By VennerRoad, 4th Jun 2017
Duane Allman died in a motor accident in 1971; last month, his brother joined him.
The young Allman Brothers
If you haven’t heard of the Allman Brothers Band, you have quite likely heard some of their music, unless you are a non-English speaker and have lived in a cave for the past fifty years. Arguably their most widely known track is the guitar instrumental Jessica, which currently has eleven soundtrack entries in the IMDb, but has probably been used scores of times as background music.
Jessica was written by Mr Betts, who served four terms with the band from its inception in 1969. The other guitarist was Duane Allman. Although like the legendary Wishbone Ash, the Allman Brothers Band did not originate the twin lead guitar, along with the English melodic rock band they pioneered it, in Southern Rock. At 24, Duane was already a master of his instrument, but tragically his life was cut short in October 1971 when he came off his motorbike. The following year, the band’s bass player Berry Oakley was killed in similar fashion; he too was only 24. Fittingly, the two men are buried side by side in Rose Hill Cemetery, Georgia.
The death of first his older brother followed shortly by a fellow band member was far from the first tragedy Gregg Allman had suffered. When Duane was three and he two, their father was murdered in a carjacking on Boxing Day, 1949, aged just 31. Their mother never remarried, and life was not easy for the boys, but somehow they managed to forge a career in music, and were on the verge of breaking through when tragedy struck.
Gregg wrote all five of the original songs on their eponymous debut album, which included two covers, but their 1973 release Brothers And Sisters included heavy input from Richard Betts, and is arguably their finest studio album. Three of his finest compositions are included herein: Ramblin’ Man, the under-rated Southbound, and of course Jessica.
Gregg’s finest songs include Whipping Post – which needs no explanation, we’ve all been there at some point – and the morose Dreams. Again, we’ve all been there – for dreams, read living nightmare. An excellent uptempo version of this was recorded by another Southern Rock band, Molly Hatchet, in 1978.
The Allman Brothers Band were at their best live, and thankfully there are many extant recordings of passable or even excellent quality. With the exception of a short gap in the 70s and a hiatus in the 80s, the band remained active until 2014 when Gregg’s health deteriorated.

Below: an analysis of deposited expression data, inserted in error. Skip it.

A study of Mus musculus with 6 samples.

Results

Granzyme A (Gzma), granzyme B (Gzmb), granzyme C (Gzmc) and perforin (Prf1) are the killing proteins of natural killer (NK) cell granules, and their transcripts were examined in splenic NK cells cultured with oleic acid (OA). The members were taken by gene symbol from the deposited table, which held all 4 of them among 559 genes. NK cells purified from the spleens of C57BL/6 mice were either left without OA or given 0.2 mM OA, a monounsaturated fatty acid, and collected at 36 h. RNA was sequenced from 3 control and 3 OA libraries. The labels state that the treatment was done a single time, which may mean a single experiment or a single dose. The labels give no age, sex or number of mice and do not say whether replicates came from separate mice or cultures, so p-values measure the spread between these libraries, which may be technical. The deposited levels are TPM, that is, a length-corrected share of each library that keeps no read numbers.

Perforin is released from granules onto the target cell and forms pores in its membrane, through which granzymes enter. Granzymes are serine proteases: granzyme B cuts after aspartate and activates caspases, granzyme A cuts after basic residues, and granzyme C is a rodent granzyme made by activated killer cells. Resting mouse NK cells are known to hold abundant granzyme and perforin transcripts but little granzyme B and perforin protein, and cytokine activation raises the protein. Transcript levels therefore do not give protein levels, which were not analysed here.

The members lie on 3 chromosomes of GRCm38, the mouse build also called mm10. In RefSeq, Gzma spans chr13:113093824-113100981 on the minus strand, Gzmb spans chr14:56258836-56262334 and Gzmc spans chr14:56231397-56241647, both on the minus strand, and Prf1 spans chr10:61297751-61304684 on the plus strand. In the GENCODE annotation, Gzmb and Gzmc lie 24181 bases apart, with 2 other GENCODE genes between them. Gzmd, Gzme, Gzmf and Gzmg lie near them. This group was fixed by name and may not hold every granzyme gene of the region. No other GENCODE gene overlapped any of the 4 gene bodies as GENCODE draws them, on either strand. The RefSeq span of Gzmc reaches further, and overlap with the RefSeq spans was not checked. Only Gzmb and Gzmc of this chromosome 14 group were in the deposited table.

Although he was laid back on stage, multi-instrumentalist Gregg Allman lived the rock star lifestyle in two ways: women and unspeakable substances. His most high profile relationship was with Cher, whom he married in 1975; the two divorced four years later. He had a son from that relationship, and two other sons and two daughters. That we know of!
If his relationships with women were transient and fulfilling, those with forbidden substances were sadly permanent and deadly: alcohol, recreational drugs, tobacco – he did the lot. In 2010, he underwent a successful liver transplant, but in recent years he looked like a man living on borrowed time, and his death at 69 came as no shock. Fittingly he was buried alongside his brother and Berry Oakley, in a private ceremony shortly after his death.
Although he made many TV and film appearances as himself, in 1991 he had a fairly small part in the thriller Rush; he played a drug dealer rather than a drug user. Obviously he had no ambitions for the big screen, but Gregg Allman achieved more than most in his chosen field, and centuries from now the name of the Allman Brothers Band will be treated with the same reverence as those of Beethoven and Mozart today. With the tiny caveat of Mankind still existing.